Odisha: Paddy procurement policy affecting Sambalpur’s farmers

By Mamata Sahu

Sambalpur

Farmers waiting endlessly to sell paddy on the given deadline Source: The New Indian Express

Babulal Khadia, 30, was unable to sell his paddy crops in Sambalpur, Odisha’s Gadamunda village because he was unable to harvest in time for the deadline instituted by the government.

Khadia has 1.5 acres of land on which he grows paddy with an eye on government procurement of his crop for its food security programs. He lives in a small hut (in the middle of his plot.

This crop of paddy is very important to him. It signifies hope for a better future as he would use the money to fulfill his aspiration of building a house for himself. The money required for the plantation of crops in the next season is also gathered from the sale of the paddy crop. 

from the left, Babulal Khadia, who is affected by the Paddy procurement policy standing with his brother

In 2019, farmers had staged huge protests against the token system. There are still grave concerns among big farmers with the regard to the future of the paddy procurement policy of the state. 

According to the Primary Agricultural Cooperative Society of Sambalpur, a total of 776 farmers of the Metropolitan corporation area had registered for paddy procurement. They were given a deadline of 12 days to finish harvesting and sell the grain to the government. Some 35 farmers were not able to for various reasons. Khadia was among them.

“Where would I find labourers and a harvesting machine in such a short span of time during lockdown restriction, hence the paddy crops could not be harvested within 12 days,” Babulal Khadia said.

 It is highly difficult for the farmers like Babulal khadia to arrange labourers, and harvesting machines, and complete harvesting, packaging, loading and thereafter delivering paddy to market in 12 days of a short period of time during the time of the pandemic.

Later, when he did manage to harvest with the help of a few friends, he had to sell the paddy privately, because he missed the deadline for government procurement. That entailed a loss of Rs13,400. To make matters worse, Khadia had taken Rs 20,000 for fertilizers. He says he has no enough money to pay off the loan and start further paddy plantation for the next season.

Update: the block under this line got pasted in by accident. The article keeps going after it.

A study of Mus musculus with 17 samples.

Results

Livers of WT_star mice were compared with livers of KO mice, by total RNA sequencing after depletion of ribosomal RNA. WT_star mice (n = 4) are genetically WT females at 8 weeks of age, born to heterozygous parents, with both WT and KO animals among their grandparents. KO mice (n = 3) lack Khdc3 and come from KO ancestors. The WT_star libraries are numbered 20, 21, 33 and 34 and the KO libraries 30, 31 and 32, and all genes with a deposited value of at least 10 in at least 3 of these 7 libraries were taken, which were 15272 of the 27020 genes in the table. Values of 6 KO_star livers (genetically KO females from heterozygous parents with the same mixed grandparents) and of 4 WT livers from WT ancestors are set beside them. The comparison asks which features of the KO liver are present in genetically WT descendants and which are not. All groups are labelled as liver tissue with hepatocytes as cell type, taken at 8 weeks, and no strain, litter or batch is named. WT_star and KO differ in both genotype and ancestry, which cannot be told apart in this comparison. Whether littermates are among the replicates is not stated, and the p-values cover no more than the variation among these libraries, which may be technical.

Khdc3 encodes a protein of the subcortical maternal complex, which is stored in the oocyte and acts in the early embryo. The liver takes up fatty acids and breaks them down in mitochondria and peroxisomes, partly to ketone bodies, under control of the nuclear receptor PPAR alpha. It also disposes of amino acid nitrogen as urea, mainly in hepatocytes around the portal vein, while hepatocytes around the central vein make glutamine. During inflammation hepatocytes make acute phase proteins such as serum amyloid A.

“I have not started planting paddy for the Kharif season, lost my mother this week, and don’t even have money to do 13 days of mourning,” Khadia said.

The paddy procurement department, Deputy Registrar Cooperative Society office, Sambalpur stated two reasons for providing 12 days selling period to farmers: that the Odisha government can’t buy paddy crops at a time as the government wants to regulate the procurement process smoothly so that buying crops phase by phase from all farmers within a particular deadline.  In addition at this time of the year, the advancing monsoon might destroy stored grain. Hence the 12day deadline.

Deputy Registrar Cooperative Society (DRCS), Lingraj Naik stated that “We are giving grace time of 15 days for selling if a farmer is not able to sell during the deadline. On being asked why farmers are not aware of these extra 15 days and complaining about token lapses, he said, “Token lapses are rare. In the last 7-8 years, more than 95% of paddy procurement has been done.”

“The 12-day token system has attracted a lot of criticism. Farmer leaders like Ashok Pradhan are demanding an extension of the token period or the complete abolition of the token system and changes in paddy procurement policy,” Western Odisha’s Farmers’ organization coordination committee’s convener, Ashok Pradhan said

He also added that “Restriction of selling on farmers by giving a particular date of the token will not benefit any farmers.”